Knock, knock: House District 40 candidates meet voters where they live

·2 min read

Jun. 18—Alabama House District 40 candidates Julie Borrelli and Chad Robertson say they're working hard in the final days before the Republican party runoff election Tuesday. Knocking on doors and attending events have put their faces and ideas before the voters.

In the primary outcome May 24, Robertson was only slightly ahead of Borrelli, with a vote count of 1,701 to 1,553.

"We've been doing a lot of groundwork," Robertson said. "I don't have a huge budget, never have. I'm running a grassroots campaign and see and meet as many people as I can."

His music hobby has come in handy. He and several friends who are musicians have played at various events where crowds of people gather.

"I never thought, before now, how many people I meet playing at different things, which is good when running for office," said Robertson, who plays guitar and sings as a hobby — a break from his ownership of two fitness centers and a convenience store.

Borrelli's mother has driven her around the House 40 area, which includes parts of Oxford, Pleasant Valley and White Plains north to the Piedmont city limits and all of Cleburne County.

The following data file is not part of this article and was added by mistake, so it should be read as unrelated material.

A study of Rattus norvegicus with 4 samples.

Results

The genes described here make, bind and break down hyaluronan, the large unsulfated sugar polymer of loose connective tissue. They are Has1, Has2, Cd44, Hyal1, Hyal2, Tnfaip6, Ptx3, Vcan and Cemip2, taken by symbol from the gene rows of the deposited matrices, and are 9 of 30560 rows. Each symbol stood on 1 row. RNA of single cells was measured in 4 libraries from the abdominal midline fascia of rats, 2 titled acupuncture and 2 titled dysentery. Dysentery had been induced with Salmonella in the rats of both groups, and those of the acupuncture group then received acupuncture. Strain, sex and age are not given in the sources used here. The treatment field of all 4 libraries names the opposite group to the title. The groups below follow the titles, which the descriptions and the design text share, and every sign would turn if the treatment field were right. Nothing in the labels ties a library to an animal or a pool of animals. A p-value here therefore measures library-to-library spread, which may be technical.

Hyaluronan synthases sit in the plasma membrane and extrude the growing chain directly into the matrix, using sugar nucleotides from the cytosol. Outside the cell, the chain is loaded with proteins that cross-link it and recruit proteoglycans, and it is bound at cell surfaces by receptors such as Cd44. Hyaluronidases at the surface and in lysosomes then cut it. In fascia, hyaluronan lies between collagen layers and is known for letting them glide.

"I've spent this time talking to people in the district, attending events and answering questions," said Borrelli. "Also, I've sent out a few mailers and focused on people knowing who I am and why I am the best person for this position."

She is on leave from her job as the finance director for the city of Anniston, but because she also has a law degree, these days she works part time as an attorney.

Robertson said voters have told him about the need for better education for students and the importance of workforce development.

"These go hand in hand," Robertson said. "Also, voters said infrastructure is a big deal to them, both broadband and roads."

Robertson said he has also talked to voters about the need for the grocery tax to be eliminated.

His biggest concern is that people are too busy to vote because schools are out.

"I am trying to get voters to turn out," he said. "I also have called people and reminded them to vote."

Borrelli said voters have also emphasized the need for improved education, and they told her how much they wanted their Second Amendment rights to be protected.

"When I first started going door to door, I dreaded it," Borrelli said. "I was afraid people would be mean and not come to the door. They have been extremely nice before the primary, and they have been nicer since then. Now, I look forward to knocking on doors and it is a good day when I do. The more people I meet, the more energized I am."